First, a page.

The tort of injurious falsehood

Injurious falsehood is a tort which arises when a person makes false representations about the goods and services of a person or company.  The representations can be either written or spoken, and must encourage others not to deal with the person or business, in turn resulting in damage.   Notably, injurious falsehood offers a remedy when a cause of action for defamation is not available under the Defamation Act 2005 (Cth)(Act).

Distinguishing between defamation and injurious falsehood

In the case of Ballina Shire Council v Ringland (1994) 33 NSWLR 680 the Court distinguished between defamation and injurious falsehood, in that:

“… defamation protects reputation, and it does so in a manner that involves a balancing of various considerations including the right of free speech.”

In comparison the Court said that:

“…injurious falsehood protects against provable economic loss resulting from false and malicious statements.”

Further, there are limitations to defamation.  Under section 9 of the Act only corporations that:

  • do not seek to obtain profit or financial gain; and
  • employs fewer than ten (10) people,

may seek a remedy for defamation.  Therefore, companies with ten (10) or more employees usually rely on the tort of injurious falsehood.

What are the elements of the tort?

In the case of Mahon v Mach 1 Financial Services Pty Ltd (No 2) [2013] NSWSC 10 (Mahon) the Court said that to establish injurious falsehood, the following elements must be established by the plaintiff:

  • a statement concerning the plaintiff’s goods or business which is false;
  • that the statements have been published and concern the plaintiff;
  • that they were published with malice by the defendant; and
  • actual loss and damage.[1]

This was affirmed in the more recent case of Jones v Aussie Networks Pty Ltd [2018] QSC 219.  The remainder of this article will discuss the two (2) elements which are most commonly subject to contention – malice and actual loss.

What is malice?

In simple terms, a statement published for the purpose of hurting or injuring someone will likely be viewed as malicious.  It may also be possible to establish malice by demonstrating that the publisher knew that as a result of the publication, the plaintiff was likely to suffer a loss to its finances or business activities.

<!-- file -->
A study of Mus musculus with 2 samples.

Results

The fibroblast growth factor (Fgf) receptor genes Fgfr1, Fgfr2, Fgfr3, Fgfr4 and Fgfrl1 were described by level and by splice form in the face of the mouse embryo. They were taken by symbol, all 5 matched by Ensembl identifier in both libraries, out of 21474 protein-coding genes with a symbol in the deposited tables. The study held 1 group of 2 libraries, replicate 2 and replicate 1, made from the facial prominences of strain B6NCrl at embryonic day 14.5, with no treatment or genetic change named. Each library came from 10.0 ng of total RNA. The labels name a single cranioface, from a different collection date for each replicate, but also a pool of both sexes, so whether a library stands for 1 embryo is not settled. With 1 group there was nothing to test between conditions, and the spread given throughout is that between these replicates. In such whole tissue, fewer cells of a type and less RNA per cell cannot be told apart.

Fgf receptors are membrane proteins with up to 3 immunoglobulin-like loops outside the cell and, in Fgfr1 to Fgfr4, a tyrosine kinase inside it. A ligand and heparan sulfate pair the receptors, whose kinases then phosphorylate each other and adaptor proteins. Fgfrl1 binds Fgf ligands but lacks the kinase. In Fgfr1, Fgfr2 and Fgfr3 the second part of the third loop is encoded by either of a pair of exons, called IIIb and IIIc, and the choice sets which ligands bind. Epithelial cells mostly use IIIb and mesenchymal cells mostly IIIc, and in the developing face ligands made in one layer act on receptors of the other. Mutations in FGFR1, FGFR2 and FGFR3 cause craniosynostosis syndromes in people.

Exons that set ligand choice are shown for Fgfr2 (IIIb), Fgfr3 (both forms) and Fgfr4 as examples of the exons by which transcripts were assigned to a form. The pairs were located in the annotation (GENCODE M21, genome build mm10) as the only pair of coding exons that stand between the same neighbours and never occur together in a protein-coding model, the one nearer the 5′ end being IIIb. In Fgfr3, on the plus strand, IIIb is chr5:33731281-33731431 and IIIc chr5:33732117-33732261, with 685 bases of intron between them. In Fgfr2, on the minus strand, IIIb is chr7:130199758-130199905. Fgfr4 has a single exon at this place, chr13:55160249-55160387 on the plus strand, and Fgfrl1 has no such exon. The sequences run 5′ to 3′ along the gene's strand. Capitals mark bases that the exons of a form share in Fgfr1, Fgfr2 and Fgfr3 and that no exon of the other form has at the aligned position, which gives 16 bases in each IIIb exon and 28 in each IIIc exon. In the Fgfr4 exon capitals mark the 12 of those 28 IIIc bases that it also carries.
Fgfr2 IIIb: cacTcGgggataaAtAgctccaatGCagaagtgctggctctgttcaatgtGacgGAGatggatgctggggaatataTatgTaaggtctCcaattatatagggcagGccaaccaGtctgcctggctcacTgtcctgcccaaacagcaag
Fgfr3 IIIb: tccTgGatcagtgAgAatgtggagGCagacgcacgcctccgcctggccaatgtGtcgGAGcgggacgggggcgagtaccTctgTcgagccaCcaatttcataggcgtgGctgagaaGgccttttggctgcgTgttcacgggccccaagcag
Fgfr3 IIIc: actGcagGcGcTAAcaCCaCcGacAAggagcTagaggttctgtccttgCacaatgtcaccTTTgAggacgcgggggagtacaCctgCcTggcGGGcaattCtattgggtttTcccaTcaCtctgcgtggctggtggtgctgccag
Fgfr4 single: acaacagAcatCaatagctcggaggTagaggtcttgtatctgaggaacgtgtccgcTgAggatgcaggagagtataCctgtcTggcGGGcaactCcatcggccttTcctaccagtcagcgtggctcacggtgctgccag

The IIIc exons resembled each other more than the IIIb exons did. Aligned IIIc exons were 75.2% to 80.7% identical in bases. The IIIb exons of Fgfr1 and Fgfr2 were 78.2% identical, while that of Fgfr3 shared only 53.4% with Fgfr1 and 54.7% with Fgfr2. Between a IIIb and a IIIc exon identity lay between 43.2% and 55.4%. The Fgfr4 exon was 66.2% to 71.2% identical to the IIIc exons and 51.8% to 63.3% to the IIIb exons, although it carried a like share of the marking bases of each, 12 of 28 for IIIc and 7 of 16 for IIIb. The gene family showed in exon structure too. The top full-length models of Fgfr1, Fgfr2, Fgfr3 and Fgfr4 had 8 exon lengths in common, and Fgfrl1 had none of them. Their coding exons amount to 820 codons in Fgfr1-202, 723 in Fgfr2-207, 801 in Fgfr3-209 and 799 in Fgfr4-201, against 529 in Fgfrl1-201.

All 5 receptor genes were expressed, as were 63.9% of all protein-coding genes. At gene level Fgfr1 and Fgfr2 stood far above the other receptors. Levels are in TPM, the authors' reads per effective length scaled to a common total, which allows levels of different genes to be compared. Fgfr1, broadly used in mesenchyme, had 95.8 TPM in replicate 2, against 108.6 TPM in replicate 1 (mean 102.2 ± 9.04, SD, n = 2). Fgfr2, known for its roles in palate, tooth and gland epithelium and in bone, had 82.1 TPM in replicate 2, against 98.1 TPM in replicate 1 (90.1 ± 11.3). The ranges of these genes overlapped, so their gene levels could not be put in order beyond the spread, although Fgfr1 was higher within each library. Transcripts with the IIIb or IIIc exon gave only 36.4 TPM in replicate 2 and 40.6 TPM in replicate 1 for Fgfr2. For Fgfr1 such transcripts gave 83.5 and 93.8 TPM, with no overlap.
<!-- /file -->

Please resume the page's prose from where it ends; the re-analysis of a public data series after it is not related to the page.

It is up to the Court to decide whether a publication is malicious, as it depends upon the circumstances in which the publication was made.

Has actual loss been suffered?

Actual loss must be distinguished from potential or future damage.  It is helpful to show a loss of business or sales as a direct result of the statements made.

A victim of injurious falsehood may wish to seek injunctive relief to restrain publication of further defamatory statements.  In Mahon, the Court held that a claim for injurious falsehood may be maintained without proof of actual damage where an interlocutory injunction had been granted preventing the very damage which might have otherwise ensued.  Therefore, in deciding whether to award an injunction, the Court may consider whether damage is reasonably probable instead of considering whether the plaintiff has suffered actual damage.  Again, this will ultimately depend upon the individual circumstances of the case.

Links and further references

Related articles



Defamation Act 2005 (Cth)


Ballina Shire Council v Ringland (1994) 33 NSWLR 680

Hatfield v TCN Channel Nine Pty Ltd [2010] NSWCA 69

Jones v Aussie Networks Pty Ltd [2018] QSC 219

Kaplan v Go Daddy Group and 2 Ors [2005] NSWSC 636

Mahon v Mach 1 Financial Services Pty Ltd (No 2) [2013] NSWSC 10

Palmer Bruyn & Parker Pty Ltd v Parsons [2001] HCA 69

Ratcliffe v Evans [1892] 2 QB 524

Schindler Lifts Australia Pty Ltd v Debelak [1989] 89 ALR 275

Wilson v Bauer Media Pty Ltd [2017] VSC 521

Further information

If you need advice on protecting your company’s reputation contact us for a confidential and obligation free discussion:

Malcolm Burrows B.Bus.,MBA.,LL.B.,LL.M.,MQLS.
Legal Practice Director
Telephone: (07) 3221 0013 (preferred)
Mobile: 0419 726 535



This article contains general commentary only.  You should not rely on the commentary as legal advice.  Specific legal advice should be obtained to ascertain how the law applies to your particular circumstances.

[1] Ratcliffe v Evans [1892] 2 QB 524 at 527 to 528; Ballina Shire Council v Ringland (1994) 33 NSWLR 680 at 692 to 694; Palmer Bruyn & Parker Pty Ltd v Parsons [2001] HCA 69; (2001) 208 CLR 388 at paras 1, 52, 57, 114, 154 and 192.)